Mark Wahlberg has a new action thriller coming out. As a morale-boosting bonus, our troops in Afghanistan will be privileged with a free advance screening of the film ‘Mile 22.’
The movie is scheduled for public release on August 17, but the troops at Bagram Air Base will get their sneak peek from August 11 to 15, thanks to STXfilms, which is a division of STX Entertainment, and their partnership with Air Force Exchange Service. The U.S. Embassy at Kabul will also be screening the film the same dates.
Beginning August 4, the film will also be presented at 12 Army and Air Force Exchange Service “Reel Time” theaters on bases in the continental U.S.
Navy and Marines won’t be left out. Free advance viewings are headed to the base theater at Camp Lejeune in North Carolina and the Sharkey Theater on Joint Base Pearl Harbor-Hickam in Hawaii.
Wahlberg is cast as CIA operative James Silva. In charge of a “top-secret” tactical command team, Silva’s challenge is to “retrieve and transport an asset who holds life-threatening information to Mile 22 before the enemy closes in,” the AAFES synopsis relates. “If we fail, there is no backup plan.”
Backing Wahlberg up on the silver screen are John Malkovich, Lauren Cohan, Iko Uwais, and Ronda Rousey. A reviewer for IMDB called it “a visceral modern thriller.”
As Army Colonel Scott McFarland, Region Commander of AAFES Europe and Southwest Asia, explains, “For our troops deployed overseas, simply watching a movie is a motivating, two-hour respite from their stressful day-to-day activities.”
His posted announcement relates “since they can’t be with their families and friends, it’s a way to say ‘Thank you, we appreciate what you’re doing for all of us.’”
STXfilms president of domestic distribution, Kevin Grayson, also contributed to the announcing statement, “It is always an honor to have one of our films selected to be screened for our brave troops overseas, and we proudly support them and AAFES with our latest film.”
According to Entertainment Weekly, “If you thought your commute to work was rough, just wait until you see Mile 22.” They note it’s the latest collaboration between Wahlberg, known for “Lone Survivor” and “Patriot’s Day,” and director Peter Berg.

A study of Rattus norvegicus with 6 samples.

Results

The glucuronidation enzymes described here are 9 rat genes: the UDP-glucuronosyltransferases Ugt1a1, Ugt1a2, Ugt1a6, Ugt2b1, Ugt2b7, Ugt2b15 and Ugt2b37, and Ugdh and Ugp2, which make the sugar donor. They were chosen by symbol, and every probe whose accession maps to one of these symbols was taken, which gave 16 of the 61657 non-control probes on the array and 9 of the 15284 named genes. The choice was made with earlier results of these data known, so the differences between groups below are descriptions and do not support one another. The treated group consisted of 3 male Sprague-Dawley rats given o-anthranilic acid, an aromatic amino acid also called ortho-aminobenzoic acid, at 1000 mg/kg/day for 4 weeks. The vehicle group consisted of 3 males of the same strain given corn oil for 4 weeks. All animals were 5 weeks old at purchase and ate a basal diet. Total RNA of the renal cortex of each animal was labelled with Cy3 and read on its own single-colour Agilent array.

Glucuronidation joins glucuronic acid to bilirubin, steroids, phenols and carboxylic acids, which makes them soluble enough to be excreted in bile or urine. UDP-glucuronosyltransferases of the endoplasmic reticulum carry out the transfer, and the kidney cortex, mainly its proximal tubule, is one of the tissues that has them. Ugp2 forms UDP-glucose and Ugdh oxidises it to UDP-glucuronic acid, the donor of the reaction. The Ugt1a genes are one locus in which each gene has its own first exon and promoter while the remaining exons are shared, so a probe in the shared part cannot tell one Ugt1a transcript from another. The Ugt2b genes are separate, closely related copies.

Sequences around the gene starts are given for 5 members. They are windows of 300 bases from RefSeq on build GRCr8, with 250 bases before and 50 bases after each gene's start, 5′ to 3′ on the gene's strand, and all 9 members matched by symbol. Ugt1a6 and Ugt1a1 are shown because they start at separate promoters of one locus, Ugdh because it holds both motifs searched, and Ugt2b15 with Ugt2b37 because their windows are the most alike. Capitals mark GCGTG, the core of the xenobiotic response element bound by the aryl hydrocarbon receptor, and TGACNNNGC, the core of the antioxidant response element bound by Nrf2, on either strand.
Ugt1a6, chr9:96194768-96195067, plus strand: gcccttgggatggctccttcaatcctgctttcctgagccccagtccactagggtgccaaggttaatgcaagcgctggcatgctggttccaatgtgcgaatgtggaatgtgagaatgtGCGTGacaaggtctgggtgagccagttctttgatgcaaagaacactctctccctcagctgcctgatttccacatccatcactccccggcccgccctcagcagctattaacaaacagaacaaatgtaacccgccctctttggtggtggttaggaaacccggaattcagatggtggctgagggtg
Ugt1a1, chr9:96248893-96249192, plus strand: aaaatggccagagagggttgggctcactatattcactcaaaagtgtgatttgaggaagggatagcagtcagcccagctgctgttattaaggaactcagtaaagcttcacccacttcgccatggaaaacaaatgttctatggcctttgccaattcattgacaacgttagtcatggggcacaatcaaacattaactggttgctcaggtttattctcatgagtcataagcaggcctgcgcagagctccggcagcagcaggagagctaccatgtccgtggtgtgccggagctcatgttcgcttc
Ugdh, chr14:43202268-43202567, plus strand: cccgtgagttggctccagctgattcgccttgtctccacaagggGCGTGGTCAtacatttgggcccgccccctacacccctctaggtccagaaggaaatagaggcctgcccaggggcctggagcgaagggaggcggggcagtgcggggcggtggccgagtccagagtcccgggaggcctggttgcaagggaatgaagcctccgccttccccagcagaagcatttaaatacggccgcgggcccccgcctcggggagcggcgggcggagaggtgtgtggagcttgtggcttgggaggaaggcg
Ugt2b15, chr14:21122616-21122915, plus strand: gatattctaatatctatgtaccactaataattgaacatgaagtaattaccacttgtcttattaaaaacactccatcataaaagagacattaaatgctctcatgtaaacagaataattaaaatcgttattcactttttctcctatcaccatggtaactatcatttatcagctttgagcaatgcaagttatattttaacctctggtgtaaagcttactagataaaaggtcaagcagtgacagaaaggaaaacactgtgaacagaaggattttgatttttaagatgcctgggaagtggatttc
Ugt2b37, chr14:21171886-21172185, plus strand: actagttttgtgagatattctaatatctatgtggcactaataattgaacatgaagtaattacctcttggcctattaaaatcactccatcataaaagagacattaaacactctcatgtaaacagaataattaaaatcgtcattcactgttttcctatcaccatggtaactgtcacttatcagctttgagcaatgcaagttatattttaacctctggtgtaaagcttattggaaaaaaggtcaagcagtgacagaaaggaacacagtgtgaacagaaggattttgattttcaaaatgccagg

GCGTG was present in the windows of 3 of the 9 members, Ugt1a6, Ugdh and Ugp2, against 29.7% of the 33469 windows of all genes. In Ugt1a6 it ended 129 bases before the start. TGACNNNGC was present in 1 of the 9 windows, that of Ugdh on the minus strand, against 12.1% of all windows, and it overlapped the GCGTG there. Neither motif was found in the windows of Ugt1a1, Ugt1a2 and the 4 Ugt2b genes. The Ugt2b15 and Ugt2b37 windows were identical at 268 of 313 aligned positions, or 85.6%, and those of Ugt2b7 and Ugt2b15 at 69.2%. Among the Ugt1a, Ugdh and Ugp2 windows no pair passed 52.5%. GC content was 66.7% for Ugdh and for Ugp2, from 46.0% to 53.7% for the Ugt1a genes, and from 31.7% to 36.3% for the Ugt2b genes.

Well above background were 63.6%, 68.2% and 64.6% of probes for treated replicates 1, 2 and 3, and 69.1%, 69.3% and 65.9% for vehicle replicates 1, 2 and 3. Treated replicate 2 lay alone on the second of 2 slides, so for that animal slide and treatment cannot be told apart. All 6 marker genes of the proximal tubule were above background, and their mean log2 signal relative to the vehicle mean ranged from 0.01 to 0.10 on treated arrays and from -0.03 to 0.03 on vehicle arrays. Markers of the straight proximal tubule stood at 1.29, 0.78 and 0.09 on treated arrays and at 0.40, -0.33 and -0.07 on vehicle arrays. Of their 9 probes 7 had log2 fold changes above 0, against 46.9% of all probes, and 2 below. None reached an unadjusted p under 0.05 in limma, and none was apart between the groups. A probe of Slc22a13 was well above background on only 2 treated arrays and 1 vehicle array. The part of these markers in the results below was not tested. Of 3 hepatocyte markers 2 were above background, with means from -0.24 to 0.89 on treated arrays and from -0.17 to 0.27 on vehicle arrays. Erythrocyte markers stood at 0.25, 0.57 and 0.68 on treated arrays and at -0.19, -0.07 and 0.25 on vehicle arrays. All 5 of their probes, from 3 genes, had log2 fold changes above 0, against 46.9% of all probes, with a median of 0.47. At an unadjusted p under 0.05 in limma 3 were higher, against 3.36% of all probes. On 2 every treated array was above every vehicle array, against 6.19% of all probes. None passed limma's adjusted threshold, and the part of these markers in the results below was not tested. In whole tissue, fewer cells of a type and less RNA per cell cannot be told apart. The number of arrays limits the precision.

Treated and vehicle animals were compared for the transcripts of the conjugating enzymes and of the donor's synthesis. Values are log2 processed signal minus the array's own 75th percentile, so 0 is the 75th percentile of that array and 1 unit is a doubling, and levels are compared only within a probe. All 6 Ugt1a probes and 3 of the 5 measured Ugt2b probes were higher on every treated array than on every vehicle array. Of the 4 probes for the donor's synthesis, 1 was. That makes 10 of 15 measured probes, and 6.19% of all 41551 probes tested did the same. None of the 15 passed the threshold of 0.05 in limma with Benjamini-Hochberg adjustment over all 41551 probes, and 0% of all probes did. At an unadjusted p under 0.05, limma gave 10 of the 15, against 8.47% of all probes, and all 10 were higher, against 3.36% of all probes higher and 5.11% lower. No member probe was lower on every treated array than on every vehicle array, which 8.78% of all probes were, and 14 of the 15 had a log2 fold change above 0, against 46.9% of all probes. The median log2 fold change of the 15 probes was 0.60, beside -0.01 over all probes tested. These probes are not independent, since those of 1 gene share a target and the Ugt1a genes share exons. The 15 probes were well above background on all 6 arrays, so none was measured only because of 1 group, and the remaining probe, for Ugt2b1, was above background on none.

Wahlberg and Berg showed up together at last year’s CinemaCon to make the surprise announcement that they had decided to go ahead with the Mile 22 project. If all goes well, it could be “the start of a trilogy.”
Wahlberg describes the movie as “an intelligent, adult action film” and relates it has deeper possibilities for him to advance his skills. “I still don’t feel like I have the movie, the role, that defines me,” he mused before production had actually started.
According to the Exchange “Quick Facts” website, what used to be called the “PX” for “Post Exchange” started from a single War Department order in 1895 that directed “military post commanders to establish an exchange store wherever practical.”
Now, the Exchange is “the 56th largest retail organization in the U.S.” and operates “more than 2,700 facilities in 36 countries, 50 states, five U.S. territories, and the District of Columbia.”
Under the Defense Visual Information Distribution Service, the exchange works with major movie studios “to provide advanced screenings of first-run movies,” their web portal informs.
Even when the movies aren’t sneak peaks, DVIDS works hard to provide entertainment for the troops. They provide a “state-of-the-art, 24/7 operation owned by Defense Media Activity that provides a timely, accurate, and reliable connection between the media around the world and the military serving at home and abroad.”
Charged with keeping military service members informed and entertained, they also collect and archive all the DoD’s “visual information records.”
Through DMA, the DoD offers a hotline of communication, disbursing news and relevant information to forces “deployed worldwide, on land, sea, and air.” The network includes “radio, tv, Internet, print media, and emerging media technologies.”
There is a multitude of benefits besides a secure communications network that makes DVIDS indispensable to modern U.S. warriors. No longer do they have to sit in the desert or jungle hoping for a comedian or some pretty girls to put on a show if the enemy permits.
Service men and women have constant access to content such emails, text alerts, social media channels, podcasts, and apps.
When not used for entertainment, soldiers in the field can get immediate, first-hand bulletin information and command intelligence straight from the principal subject matter experts. Military produced broadcasts can be distributed through the Internet directly to mainstream media outlets and through satellite broadcasts.
By feeding everything through a central hub, a searchable archive is created. During the holidays, “deployed soldiers, sailors, airmen, and Marines” can send messages to their loved ones back home.
Armed Forces Entertainment also strives to bring the best in American entertainment to troops and family members stationed around the globe in remote and isolated locations. “From downrange, makeshift stages to show-stopping extravaganzas, the performances provide rewarding and hard-earned downtime for our troops. It’s their commitment to duty that deserves our utmost gratitude and appreciation.”